The Gulf of Mannar has been renowned for its highly productive pearl banks and religious significance. Recognizing its rich biodiversity, the Government of India designated it as the country’s first Marine Biosphere Reserve in 1989.

Gulf of Mannar National Park has also been identified as the important Bird Area by BNHS-Birdlife International because of rich avian fauna consist of 187 species and the Gulf of Mannar Biosphere Reserve has been identified as an Important Marine Mammals Areas of the World by IUCN due to its dugong population and other marine mammals presence.

At present, there are two zones exist in Biosphere Reserve (BR) such as Core Zone (National Park) that is surrounded by Buffer Zone. Core conservation areas in which disturbing/destructive uses are strictly prohibited. This zone can also protect breeding populations of fishes and other organisms. Buffer zone is proposed to be permitted for local people’s use such as fishing and fisheries related activities, tourism and tourism related activities.

The Gulf of Mannar is not only a haven for marine biodiversity but also a lifeline for thousands of fishing families along its coasts. Approximately 110,000 families from 268 fishing villages depend on the fishery resources within the reserve. The close relationship between these communities and the marine environment has shaped their lifestyle, culture, and social fabric, making the sea the center of their existence.

Also, a part of this biosphere are marine components including algae communities, sea grasses, coral reefs, salt marshes and mangroves. Spread across an area of 560 sq. kms., the biosphere covers the coasts of Thoothukudi, Tirunelveli, Rameswaram and Kanyakumari. Home to an affluent diversity of aquatic plants and animals, the national park has identified the presence of around 3600 plant and animal species. These even include endangered species including the sea cow and 6 mangrove species. One can find five species of turtles and several other marine species like dolphins, whales, sea cucumber and dugongs. 

Gulf of Mannar harbours a diverse of life forms. Some of the prominent ones are:

1. Dugong (Sea cow): The Gulf of Mannar area is the last refuge of any significance off the Indian coast where the most endangered mammal, Dugong (Dugong dugon) occurs. Here, the seagrass beds are the ideal feeding ground for the endangered marine mammal, Seacow (Dugong dugon). The Dugong feeds only on seagrasses and requires 30-40 kg of them every day. Seagrasses are also fed upon by various herbivorous animals including turtles, fishes, etc.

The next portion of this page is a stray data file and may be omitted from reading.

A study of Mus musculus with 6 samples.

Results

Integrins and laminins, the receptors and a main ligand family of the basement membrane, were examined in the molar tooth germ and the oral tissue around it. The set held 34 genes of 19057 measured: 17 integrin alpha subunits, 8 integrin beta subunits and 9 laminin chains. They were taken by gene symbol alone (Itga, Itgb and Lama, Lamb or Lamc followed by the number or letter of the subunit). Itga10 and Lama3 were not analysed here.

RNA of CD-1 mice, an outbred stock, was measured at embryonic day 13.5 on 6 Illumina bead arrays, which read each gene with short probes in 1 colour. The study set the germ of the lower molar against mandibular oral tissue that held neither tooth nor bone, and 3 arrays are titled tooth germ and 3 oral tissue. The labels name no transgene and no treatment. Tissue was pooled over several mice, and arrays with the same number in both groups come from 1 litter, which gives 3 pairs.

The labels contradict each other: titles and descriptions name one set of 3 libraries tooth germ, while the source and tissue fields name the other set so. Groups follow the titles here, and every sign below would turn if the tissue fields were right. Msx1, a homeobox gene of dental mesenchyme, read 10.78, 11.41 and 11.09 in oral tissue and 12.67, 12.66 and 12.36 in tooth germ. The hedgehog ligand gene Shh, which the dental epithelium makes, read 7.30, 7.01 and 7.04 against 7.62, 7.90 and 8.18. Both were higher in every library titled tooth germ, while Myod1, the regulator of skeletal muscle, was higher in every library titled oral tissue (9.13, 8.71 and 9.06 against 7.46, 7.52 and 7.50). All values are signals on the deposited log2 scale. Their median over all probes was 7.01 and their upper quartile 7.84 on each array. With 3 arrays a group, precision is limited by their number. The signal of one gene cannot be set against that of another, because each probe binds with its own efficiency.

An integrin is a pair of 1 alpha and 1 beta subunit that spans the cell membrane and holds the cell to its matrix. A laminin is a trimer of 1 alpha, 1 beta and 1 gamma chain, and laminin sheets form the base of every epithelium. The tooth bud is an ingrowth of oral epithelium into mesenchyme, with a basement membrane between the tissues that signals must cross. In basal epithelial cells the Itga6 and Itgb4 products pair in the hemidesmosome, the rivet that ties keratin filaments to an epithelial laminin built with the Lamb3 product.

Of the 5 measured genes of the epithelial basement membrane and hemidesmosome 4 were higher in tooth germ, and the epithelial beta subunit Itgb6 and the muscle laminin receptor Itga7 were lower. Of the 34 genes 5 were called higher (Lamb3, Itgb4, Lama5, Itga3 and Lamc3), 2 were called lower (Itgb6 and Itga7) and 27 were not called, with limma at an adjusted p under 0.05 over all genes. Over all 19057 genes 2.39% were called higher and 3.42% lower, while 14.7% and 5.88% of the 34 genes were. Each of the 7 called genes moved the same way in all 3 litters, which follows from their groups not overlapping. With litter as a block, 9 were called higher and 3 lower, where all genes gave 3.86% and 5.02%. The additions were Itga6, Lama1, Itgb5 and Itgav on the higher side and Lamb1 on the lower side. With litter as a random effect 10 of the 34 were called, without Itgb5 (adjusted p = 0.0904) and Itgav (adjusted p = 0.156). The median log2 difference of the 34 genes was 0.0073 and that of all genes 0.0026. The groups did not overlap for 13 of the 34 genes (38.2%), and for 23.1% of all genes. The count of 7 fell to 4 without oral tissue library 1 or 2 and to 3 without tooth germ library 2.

2. Sea turtles: Four of the seven species of sea turtles found worldwide are reported to occur in the Gulf of Mannar Biosphere Reserve. These are the olive ridley (Lepidochelys olivacea), green (Cheloniamydas), hawksbill (Eretmochelys imbricata) and leatherback (Dermochelys coriacea). All the four species of sea turtles that occur in these coastal waters are protected under Schedule I of the Indian Wildlife Protection Act (1972), as well as listed in Appendix I of Convention of International Trade in Endangered Species of Wild Fauna and Flora (CITES) which prohibits trade in turtle products by signatory countries.

3. Lobsters: Stock enhancement and fattening of lobsters Panulirus homarus and P. polyphagus in this region is expected to improve the livelihood of the coastal fishermen who are fishing in the buffer zone of the Biosphere Reserve.

4. Crabs: Of the 11 important commercial crabs in India, six crab species occur in BR. It is essential to enhance the stock of these economically important crabs in this region i.e. in the core zone of the Biosphere Reserve, which ultimately spill over to the buffer zone where controlled and sustainable fishing is allowed.

5. Sea snakes: A total of 12 species of sea snakes have been reported in the Gulf of Mannar region.

6. Coastal Birds: A total of 187 species of birds were reported from the Gulf of Mannar Marine National Park, of which 84 were aquatic species and the remaining are terrestrial.

Coral reef ecosystem:

Corals and coral reefs of Gulf of Mannar National Park form an essential ecosystem, which supports a variety of ecologically and economically important marine life. Coral reefs in Gulf of Mannar occur mainly around the 21 uninhabited islands encompassing an area of about 683 ha. The islands in Gulf of Mannar Marine National Park are divided into three groups namely, Mandapam group (7 Islands), Keelakarai group (7 Islands) and Tuticorin group (7 Islands).